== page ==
Sunday, May 20, 2007

With Information Literacy Until - Now Context Sensitive

One of the most pleasant surprises of the WILU conference for me was the session, Student-Driven TURNITIN as a Teaching-Learning Tool. Like many folks, I came into the session with some strong misgivings about Turnitin. But I left the session a different person.

This presentation began with an introduction to the community of nursing that these teaching faculty were a part of. They told us that it was regulated community that places ethics and caring at the heart of the profession. And more importantly, they told us that they told their students the same thing before they spoke to them about plagiarism. They told them that use of Turnitin was voluntary, that they could see their paper's status within Turnitin, that they could re-submit their paper as many times as they wanted, and that could always come to them for help in writing their paper. This is so important because many students do not intentionally plagiarize - they simply don't understand when it is necessary for them to paraphrase or to quote their sources. The end result was that students submitted their papers in earlier, felt good knowing that they submitted original papers, and they sought help when their Turnitin reports showed a high percentage of unoriginal work. The faculty had less crying students to deal with and thought that Turnitin saved them considerable work in their pursuit of plagiarism. The difference that context and implement made in software implementation has really stuck with me (and it has made me hate this poster even more).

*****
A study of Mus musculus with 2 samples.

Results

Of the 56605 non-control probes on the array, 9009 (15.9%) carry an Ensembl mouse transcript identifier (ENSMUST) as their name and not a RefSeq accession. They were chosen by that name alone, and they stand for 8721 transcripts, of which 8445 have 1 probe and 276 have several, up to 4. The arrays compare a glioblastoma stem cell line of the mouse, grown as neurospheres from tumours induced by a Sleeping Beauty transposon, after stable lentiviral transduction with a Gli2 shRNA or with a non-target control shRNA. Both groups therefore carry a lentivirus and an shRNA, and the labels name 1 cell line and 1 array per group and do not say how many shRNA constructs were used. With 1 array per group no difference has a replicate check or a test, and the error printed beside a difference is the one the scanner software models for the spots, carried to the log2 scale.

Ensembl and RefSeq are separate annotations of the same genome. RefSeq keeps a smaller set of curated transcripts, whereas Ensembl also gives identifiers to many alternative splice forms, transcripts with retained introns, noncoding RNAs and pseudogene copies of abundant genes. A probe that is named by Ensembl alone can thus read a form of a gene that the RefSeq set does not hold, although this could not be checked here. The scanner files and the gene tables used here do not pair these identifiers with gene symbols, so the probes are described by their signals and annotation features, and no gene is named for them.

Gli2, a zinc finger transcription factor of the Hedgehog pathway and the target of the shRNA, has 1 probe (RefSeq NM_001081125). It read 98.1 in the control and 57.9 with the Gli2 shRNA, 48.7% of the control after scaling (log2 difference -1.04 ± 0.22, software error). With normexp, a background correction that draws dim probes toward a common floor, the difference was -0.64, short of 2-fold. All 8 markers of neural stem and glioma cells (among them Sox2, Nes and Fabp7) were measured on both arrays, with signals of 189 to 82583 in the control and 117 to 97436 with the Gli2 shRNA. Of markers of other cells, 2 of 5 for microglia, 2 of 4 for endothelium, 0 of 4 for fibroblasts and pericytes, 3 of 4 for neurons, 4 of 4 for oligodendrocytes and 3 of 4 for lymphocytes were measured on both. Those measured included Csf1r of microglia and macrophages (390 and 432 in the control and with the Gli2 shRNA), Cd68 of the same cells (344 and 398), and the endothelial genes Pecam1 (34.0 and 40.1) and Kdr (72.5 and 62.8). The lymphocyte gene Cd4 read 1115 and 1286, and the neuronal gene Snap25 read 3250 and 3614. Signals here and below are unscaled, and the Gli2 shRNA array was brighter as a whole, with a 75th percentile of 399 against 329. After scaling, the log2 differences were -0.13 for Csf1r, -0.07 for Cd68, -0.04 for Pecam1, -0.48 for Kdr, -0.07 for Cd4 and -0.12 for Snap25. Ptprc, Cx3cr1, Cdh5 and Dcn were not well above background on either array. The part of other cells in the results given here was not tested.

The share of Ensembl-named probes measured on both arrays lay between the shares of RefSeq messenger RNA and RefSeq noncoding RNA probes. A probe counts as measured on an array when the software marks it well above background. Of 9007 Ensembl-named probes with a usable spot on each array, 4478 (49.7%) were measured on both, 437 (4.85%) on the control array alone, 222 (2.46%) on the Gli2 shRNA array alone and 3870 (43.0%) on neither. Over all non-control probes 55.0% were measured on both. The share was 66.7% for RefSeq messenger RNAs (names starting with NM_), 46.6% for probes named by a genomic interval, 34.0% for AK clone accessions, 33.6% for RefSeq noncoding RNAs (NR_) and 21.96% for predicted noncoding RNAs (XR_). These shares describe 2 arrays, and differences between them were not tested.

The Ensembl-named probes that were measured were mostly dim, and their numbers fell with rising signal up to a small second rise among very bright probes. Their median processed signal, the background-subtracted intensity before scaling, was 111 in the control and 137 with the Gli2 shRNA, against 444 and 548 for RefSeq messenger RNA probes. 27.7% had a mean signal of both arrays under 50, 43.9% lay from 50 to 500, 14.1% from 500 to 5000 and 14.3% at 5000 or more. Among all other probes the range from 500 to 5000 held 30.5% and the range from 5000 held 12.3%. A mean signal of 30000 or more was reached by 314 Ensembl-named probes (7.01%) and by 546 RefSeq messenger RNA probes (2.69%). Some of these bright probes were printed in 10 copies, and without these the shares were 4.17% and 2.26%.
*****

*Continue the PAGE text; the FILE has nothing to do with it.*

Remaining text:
And then I got to thinking: what if every paper that a student submitted was signed and made available online for all to see and link to. How would that corpus of work take a life on its own? How would this change affect how students wrote their papers? Would students argue back and forth? Would student disagree with their younger selves? Why is it so important that students develop their undergraduate writing and learning in private? Is it that important?

I got infected with this notion sometime after listening to Rochelle Mazar speak on Making Coursework Matter. She told a great story of students rising to surprising and impressive levels through an assignment that had them editing and improving articles in the Wikipedia for the sake of the rest of the world (ha! I just wondered if I had paraphrased her abstract enough to satisfy Turnitin). She reminded us that students want their work to matter and challenged us to work on ways to make it so. Again, how work is situated is fundamental to how it is pursued.